Each organization is a reflection of the senior leader. Regardless of leadership style, temperament, or business model, over enough time senior leaders develop the organizational structure and design followers exist within. It is the method in which a leader leads that determines how others will follow.
For instance, it would appear the situational leadership model is quite the opposite and the leader is always adhering to surrounding circumstances. However, the leader’s role in situational leadership is to adapt to the current situations at hand, (Northouse, 2013) requiring the leader to be flexible. (Yukl, 1989, Graeff, 1983) This flexibility is what creates an organizational environment that is beneficial to followers and their personal level of development in the organization. This adaptation by the leader compels the leader to understand subordinates, what they need, and match the leadership approach to the what the subordinate needs. (Northouse, 2013) This forces the leader to not use a single style.
An approach such as situational leadership, or any other leadership model, will create a culture within the organization that is in response to the leader. Leadership is the process where a common goal is achieved through the influence that individual exercises over a group, (Northouse, 2013) which requires every other individual to have a response of some sort to that individual in leadership. Sometimes this can even go as far as being placed into formal elements of an organization such as the mission, vision, and core values. Often these elements reflect the founding individual(s) and even dictate the type of leader acceptable for the helm in the organization long after the founding leader(s) have relinquished control. (Schein, 2010)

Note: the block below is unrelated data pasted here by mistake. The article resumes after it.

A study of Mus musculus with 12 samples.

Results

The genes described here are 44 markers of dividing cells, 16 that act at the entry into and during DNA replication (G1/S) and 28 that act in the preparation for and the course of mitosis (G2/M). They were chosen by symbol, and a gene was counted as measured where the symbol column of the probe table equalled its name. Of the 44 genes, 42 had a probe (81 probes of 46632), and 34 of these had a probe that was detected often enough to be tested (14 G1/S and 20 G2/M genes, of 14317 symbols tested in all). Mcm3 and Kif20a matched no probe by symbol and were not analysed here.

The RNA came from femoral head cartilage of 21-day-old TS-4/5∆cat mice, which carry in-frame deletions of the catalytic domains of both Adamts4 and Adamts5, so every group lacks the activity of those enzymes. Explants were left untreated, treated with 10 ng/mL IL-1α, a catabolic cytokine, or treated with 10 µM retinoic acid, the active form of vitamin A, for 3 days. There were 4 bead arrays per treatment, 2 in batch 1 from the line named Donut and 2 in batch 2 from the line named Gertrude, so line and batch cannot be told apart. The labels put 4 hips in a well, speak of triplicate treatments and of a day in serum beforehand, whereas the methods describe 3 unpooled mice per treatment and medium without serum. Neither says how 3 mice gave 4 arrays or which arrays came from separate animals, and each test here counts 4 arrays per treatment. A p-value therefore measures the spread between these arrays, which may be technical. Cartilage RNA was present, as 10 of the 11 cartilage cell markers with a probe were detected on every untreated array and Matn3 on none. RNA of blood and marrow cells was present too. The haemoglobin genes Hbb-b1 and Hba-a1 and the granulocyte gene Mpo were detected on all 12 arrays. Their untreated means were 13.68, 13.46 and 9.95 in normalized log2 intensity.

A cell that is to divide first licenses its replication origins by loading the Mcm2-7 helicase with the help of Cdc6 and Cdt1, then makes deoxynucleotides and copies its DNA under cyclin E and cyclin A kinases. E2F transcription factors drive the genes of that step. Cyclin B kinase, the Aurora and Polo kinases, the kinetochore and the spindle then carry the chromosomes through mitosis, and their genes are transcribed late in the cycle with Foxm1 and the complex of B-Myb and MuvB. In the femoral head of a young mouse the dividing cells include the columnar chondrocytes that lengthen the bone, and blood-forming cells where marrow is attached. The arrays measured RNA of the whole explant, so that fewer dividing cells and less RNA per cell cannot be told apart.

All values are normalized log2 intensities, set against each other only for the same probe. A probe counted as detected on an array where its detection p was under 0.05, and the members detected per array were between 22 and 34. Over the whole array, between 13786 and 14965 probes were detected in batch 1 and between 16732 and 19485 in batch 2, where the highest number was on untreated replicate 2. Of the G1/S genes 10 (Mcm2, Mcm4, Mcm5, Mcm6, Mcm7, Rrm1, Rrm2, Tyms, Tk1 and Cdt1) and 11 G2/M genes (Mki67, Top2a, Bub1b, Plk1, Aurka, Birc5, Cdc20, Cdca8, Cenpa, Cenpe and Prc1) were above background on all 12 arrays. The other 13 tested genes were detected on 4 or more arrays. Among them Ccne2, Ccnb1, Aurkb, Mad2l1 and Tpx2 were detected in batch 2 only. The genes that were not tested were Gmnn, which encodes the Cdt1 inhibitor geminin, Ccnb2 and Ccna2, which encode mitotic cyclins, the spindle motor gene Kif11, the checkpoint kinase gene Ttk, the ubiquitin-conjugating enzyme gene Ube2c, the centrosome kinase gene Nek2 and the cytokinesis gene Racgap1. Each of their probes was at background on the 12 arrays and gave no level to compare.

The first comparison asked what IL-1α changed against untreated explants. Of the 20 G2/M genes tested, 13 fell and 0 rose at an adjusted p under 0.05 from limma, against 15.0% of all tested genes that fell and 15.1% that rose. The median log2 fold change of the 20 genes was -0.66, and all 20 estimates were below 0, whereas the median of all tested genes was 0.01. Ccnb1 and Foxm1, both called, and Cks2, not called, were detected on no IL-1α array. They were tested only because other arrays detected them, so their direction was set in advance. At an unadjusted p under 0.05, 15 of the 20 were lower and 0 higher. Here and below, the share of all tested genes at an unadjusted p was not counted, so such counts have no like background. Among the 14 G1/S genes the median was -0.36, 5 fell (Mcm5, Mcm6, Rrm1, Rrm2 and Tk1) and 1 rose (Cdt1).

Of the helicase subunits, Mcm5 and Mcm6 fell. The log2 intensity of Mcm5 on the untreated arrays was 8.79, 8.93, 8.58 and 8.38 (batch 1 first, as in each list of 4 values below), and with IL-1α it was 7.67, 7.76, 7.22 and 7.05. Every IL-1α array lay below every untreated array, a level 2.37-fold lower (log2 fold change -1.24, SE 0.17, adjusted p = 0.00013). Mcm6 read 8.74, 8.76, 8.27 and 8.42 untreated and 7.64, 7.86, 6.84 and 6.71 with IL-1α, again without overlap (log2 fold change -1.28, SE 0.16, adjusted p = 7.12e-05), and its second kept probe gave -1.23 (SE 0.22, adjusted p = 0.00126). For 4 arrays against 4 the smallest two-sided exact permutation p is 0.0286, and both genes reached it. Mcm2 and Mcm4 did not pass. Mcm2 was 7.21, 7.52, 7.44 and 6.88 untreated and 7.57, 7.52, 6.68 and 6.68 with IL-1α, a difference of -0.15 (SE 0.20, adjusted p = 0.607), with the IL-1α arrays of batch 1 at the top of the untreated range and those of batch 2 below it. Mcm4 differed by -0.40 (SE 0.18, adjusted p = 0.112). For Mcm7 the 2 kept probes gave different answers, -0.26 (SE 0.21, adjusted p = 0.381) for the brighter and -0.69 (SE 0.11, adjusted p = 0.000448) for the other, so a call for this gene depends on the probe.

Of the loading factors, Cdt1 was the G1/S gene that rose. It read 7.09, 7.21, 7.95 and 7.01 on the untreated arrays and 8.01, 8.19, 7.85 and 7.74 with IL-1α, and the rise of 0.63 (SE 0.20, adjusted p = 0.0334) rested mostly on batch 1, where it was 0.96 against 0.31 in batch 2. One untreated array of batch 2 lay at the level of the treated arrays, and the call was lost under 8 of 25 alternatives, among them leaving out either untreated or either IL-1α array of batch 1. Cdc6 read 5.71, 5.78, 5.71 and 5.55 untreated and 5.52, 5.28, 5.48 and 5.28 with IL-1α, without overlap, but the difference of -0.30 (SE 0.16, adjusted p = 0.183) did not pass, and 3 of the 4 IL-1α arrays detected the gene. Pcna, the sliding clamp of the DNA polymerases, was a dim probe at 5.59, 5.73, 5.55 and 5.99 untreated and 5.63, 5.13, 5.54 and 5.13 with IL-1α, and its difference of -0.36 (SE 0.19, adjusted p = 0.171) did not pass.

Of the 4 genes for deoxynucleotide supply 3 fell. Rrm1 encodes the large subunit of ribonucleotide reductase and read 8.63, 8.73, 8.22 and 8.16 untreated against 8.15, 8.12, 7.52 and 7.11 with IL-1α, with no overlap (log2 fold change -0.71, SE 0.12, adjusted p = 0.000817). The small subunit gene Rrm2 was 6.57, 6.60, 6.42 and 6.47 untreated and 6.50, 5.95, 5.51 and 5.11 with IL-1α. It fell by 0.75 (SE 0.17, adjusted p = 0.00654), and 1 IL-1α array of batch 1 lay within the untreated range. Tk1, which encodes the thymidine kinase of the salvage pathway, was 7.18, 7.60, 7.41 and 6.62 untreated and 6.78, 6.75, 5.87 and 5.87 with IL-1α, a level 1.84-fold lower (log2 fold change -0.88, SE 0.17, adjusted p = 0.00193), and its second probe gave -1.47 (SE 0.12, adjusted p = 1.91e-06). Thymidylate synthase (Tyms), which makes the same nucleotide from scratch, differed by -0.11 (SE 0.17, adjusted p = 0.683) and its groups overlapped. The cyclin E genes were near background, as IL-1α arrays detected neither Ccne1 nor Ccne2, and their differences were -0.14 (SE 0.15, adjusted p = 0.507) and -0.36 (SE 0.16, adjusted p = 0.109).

Being the leader to follow a founding leader, how would you integrate into the organization for maximum effectiveness and what leadership model would you most likely use?
Graeff, C. L. (1983). The Situational Leadership Theory: A Critical View. Academy of Management Review, 8(2), 285–291.
Northouse, P. G. (2013). Leadership: theory and practice (6th ed). Thousand Oaks: SAGE.
Schein, E. H. (2010). Organizational culture and leadership. San Francisco: Jossey-Bass.
Yukl, G. A. (2005). Leadership in Organizations (6th edition). Upper Saddle River, NJ: Prentice Hall.